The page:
Research: Community College Guided Pathway Programs Cost More, but Get Results
How much does it cost to implement guided pathways in community colleges? That was the topic of a study by the Community College Research Center, which examined the pathway work done at six institutions.
As “Funding Guided Pathways: A Guide for Community College Leaders” explained, in contrast to the traditional model in which a “generalist adviser” meets with students in an informal drop-in mode, the guided pathway model links advisers more closely with students in specific programs of study. Those advisers develop deep knowledge of the program requirements and transfer and job opportunities in various fields, and work closely with faculty “to recruit, advise and support” the students in the programs.
All six institutions had costs “above and beyond the status quo,” the researchers found. It equaled about 3 percent of annual operating budgets for the “average community college,” the researchers noted. But the schools were also able to cover the costs through a mix of resource reallocation and new funding.
The expenses involved in setting up guided pathways encompassed hiring more student advisers, investing in program mapping and IT, laying the groundwork for governance and management, providing expanded professional development, introducing success courses and other costs. At a college with an enrollment of 4,000 and an annual operating budget of $60 million, the average total would be about $7.1 million for implementation costs over four years (the amount of time estimated to implement pathway reforms) and $1.4 million in annual operating costs. Implementation would equate to about $450 per year per student for those first four years, then about $350 per year per student afterwards.
The investments for the six schools under study paid off. College leaders reported that the changes made to implement guided pathways in their institutions have led to improved outcomes for students and provided overall benefits to the colleges as business operations. Four of the colleges reported increased retention and graduation rates and reductions in non-degree-applicable credits. All six saw increases in early credit momentum for first-year students. And every college said it was better positioned to respond to the COVID-19 crisis because of changes made in “programs, practices and systems” as part of the pathways reforms.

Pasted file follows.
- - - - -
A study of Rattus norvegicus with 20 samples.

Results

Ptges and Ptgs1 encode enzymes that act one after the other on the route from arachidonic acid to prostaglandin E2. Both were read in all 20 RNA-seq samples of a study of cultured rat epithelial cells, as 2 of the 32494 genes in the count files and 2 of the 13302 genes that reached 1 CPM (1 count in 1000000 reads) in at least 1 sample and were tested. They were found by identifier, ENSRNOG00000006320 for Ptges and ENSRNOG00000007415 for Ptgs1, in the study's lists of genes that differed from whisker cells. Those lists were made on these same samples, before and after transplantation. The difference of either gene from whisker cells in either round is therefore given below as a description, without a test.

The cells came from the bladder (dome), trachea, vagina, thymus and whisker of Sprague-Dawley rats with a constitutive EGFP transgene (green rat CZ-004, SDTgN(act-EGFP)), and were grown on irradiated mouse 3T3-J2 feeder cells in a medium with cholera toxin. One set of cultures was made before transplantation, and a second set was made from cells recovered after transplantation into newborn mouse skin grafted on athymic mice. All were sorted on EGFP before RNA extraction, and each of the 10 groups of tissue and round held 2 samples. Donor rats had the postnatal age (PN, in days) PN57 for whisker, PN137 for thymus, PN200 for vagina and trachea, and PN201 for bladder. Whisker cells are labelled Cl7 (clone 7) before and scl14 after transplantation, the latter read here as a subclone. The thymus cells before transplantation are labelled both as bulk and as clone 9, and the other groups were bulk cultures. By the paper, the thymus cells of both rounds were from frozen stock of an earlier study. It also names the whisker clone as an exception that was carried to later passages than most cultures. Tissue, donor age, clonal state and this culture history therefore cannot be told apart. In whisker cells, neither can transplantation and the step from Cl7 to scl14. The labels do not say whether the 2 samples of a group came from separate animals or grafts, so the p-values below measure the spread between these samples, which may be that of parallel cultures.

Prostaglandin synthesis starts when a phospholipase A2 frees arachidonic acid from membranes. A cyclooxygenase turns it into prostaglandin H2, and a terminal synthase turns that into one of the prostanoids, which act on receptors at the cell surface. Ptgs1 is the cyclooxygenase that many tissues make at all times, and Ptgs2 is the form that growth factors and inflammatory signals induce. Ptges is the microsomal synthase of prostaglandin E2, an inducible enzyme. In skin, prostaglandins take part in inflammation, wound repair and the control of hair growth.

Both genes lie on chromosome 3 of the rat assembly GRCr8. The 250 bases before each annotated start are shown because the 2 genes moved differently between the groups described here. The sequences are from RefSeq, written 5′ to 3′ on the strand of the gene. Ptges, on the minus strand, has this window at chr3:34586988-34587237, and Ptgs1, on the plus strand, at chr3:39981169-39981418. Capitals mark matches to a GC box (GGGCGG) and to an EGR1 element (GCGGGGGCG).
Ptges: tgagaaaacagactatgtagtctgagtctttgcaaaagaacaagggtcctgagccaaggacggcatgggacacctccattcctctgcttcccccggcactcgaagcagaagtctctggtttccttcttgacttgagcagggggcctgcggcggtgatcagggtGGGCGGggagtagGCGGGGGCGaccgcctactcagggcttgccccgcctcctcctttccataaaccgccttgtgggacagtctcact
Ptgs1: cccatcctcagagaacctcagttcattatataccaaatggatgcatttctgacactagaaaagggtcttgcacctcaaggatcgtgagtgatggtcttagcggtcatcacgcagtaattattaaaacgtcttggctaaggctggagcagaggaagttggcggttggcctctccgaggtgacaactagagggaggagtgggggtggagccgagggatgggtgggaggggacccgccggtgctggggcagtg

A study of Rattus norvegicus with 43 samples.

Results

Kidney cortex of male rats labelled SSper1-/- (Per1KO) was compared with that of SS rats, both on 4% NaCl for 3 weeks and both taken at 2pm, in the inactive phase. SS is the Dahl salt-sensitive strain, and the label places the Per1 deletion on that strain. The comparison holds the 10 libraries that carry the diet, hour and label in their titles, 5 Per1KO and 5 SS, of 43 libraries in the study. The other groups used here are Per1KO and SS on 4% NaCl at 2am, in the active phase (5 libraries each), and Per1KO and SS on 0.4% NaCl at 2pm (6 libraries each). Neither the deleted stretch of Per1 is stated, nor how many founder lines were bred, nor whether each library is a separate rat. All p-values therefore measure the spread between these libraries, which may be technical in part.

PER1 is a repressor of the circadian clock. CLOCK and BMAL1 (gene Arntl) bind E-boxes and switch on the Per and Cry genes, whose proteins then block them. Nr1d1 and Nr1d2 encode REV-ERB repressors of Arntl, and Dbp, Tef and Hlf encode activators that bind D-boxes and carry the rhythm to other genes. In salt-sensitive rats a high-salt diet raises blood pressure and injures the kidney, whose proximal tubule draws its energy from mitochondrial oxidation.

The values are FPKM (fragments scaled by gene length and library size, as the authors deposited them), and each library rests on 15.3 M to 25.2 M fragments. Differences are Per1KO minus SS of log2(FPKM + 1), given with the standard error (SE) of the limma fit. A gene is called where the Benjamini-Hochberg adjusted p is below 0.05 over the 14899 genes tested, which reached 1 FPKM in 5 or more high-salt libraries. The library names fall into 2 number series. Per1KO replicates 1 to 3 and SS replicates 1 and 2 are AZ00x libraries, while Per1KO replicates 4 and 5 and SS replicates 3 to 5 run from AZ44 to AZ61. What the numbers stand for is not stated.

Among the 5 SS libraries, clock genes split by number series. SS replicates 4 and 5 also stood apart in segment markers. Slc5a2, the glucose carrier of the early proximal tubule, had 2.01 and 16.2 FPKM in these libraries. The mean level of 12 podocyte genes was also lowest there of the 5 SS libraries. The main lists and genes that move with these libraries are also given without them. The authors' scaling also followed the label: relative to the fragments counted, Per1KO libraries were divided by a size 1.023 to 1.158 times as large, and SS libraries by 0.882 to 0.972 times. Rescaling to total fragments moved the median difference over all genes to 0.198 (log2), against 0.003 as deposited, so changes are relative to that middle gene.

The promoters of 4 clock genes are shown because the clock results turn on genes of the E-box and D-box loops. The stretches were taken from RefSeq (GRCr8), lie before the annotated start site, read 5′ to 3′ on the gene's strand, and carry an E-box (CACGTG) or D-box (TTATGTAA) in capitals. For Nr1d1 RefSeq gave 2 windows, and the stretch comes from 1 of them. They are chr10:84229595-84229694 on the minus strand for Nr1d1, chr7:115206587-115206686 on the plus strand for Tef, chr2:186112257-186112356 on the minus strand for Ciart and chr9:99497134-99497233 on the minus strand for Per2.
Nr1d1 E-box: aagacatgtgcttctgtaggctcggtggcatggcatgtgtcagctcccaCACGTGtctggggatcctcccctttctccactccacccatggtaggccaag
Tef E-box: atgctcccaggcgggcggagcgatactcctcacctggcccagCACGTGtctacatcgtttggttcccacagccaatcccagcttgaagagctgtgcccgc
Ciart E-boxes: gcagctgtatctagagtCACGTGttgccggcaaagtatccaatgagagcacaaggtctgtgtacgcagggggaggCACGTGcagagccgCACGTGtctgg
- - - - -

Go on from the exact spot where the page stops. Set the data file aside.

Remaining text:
As Adelina Silva, the vice chancellor for student success at the Alamo Colleges in Texas, explained in a CCRC article, “The fact that every student had a plan and now we had to pivot to move online, that didn’t change their plan or their commitment to their plan.” Because every student had an assigned adviser in his or her field of study who was monitoring progress, the article noted, “it was relatively easy for the colleges to reach out to students after the crisis hit.” And because students already had plans laying out what courses they needed to take next, “registering them for summer and fall courses was no more difficult than usual” despite COVID challenges.
The guide and related blog post are openly available through the CCRC website.